How to Support Your Teen with Mental Health Problems
According to official statistics, one in eight people under the age of 19 has a mental health disorder. There’s both a rise in metal ill health and, coupled with an increased awareness of different conditions, more and more teenagers are getting a diagnosis.
Increased pressure, concerns about politics and the environment as well as the influence of social media on their lives can all contribute to a teenager’s condition. But how can you help? Below, you’ll find two of the most common diagnoses and some ways you can offer your support. Of course, this should be coupled with professional help such as counselling, but guidance on what you can do on an everyday basis is one of the first steps on the road to managing mental ill health.
This is one of the most common diagnoses and around a quarter of people will suffer with depression in their lives. If your teen is suffering with the constant low moods, feelings of helplessness or despair, changed appetite and sleeping, all of which are common for sufferers of depression, here are some things you can do to help.
- Be a good listener. Although it can be tempting to offer advice, solutions and personal experience, try and recognise that this probably isn’t what they are looking for. Instead, an opportunity to express how they’re feeling will show your support more than trying to fix everything.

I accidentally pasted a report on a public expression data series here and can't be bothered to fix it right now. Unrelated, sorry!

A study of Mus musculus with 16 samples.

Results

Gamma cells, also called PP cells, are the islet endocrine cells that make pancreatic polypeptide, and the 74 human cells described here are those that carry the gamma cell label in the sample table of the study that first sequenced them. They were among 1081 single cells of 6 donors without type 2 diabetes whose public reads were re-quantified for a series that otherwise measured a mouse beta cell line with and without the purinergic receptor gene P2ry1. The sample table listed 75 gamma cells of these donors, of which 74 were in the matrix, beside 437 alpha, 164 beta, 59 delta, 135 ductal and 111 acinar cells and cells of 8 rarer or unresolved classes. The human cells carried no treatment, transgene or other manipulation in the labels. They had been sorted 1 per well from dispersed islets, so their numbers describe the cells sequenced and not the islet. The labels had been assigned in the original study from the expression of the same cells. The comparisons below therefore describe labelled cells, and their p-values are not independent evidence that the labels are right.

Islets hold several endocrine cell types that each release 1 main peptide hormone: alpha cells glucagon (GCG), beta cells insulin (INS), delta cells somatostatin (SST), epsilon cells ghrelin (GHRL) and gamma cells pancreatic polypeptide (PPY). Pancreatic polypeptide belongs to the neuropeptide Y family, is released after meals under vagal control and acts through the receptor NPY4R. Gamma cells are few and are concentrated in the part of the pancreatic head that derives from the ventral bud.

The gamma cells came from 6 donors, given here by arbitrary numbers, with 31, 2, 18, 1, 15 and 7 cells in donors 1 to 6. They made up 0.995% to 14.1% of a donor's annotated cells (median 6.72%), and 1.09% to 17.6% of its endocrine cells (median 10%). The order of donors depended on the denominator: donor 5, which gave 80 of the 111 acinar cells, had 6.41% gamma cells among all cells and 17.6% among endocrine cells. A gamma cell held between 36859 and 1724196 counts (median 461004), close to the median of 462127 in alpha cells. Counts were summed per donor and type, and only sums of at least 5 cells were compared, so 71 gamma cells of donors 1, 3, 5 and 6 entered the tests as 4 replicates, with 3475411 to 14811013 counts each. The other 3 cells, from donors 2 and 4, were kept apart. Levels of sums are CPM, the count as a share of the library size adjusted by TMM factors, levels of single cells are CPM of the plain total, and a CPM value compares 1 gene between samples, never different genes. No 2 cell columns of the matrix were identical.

- Tell them they’ve done well and thank them. If they’ve done the dishes, let them know you appreciate it and how much of a help they’re being. If they get a good grade, praise them. A common symptom of depression is low self-worth, so demonstrate to your teen that you value them.
- Make the home a stress-free and relaxing environment to spend time in. This is important because, if they are coming home to a house filled with conflict, noise or other disruption, it will be difficult for them to unwind.
Your teen might be suffering from anxiety. This can manifest in a few different ways, for example refusing to speak aloud in a classroom setting, panic attacks, or them making excuses to get out of things.
- Stay calm and accept what’s going on. It’s important not to try and logically argue your teen out of this. It won’t work – even if they are aware that their anxiety is about something irrational, being told this will only undermine their feelings and could cause them to become secretive.
- Remember, being unable to control their worries is part of the problem, and they aren’t choosing how they feel so be kind and try to stay calm and non-judgemental.
- If they are having a panic attack, try taking them to a quiet spot if you’re out in public, away from other people. Being stared at will only make them feel worse about something which is outside their control.
With these illnesses, as any others, it’s important to seek professional help when necessary. If your teen is suffering with addiction, look for rehab in London to support them, or if their mental health problems are becoming difficult, talk to your GP with them. Let them know you’re in it together and your teen will continue to rely on your support.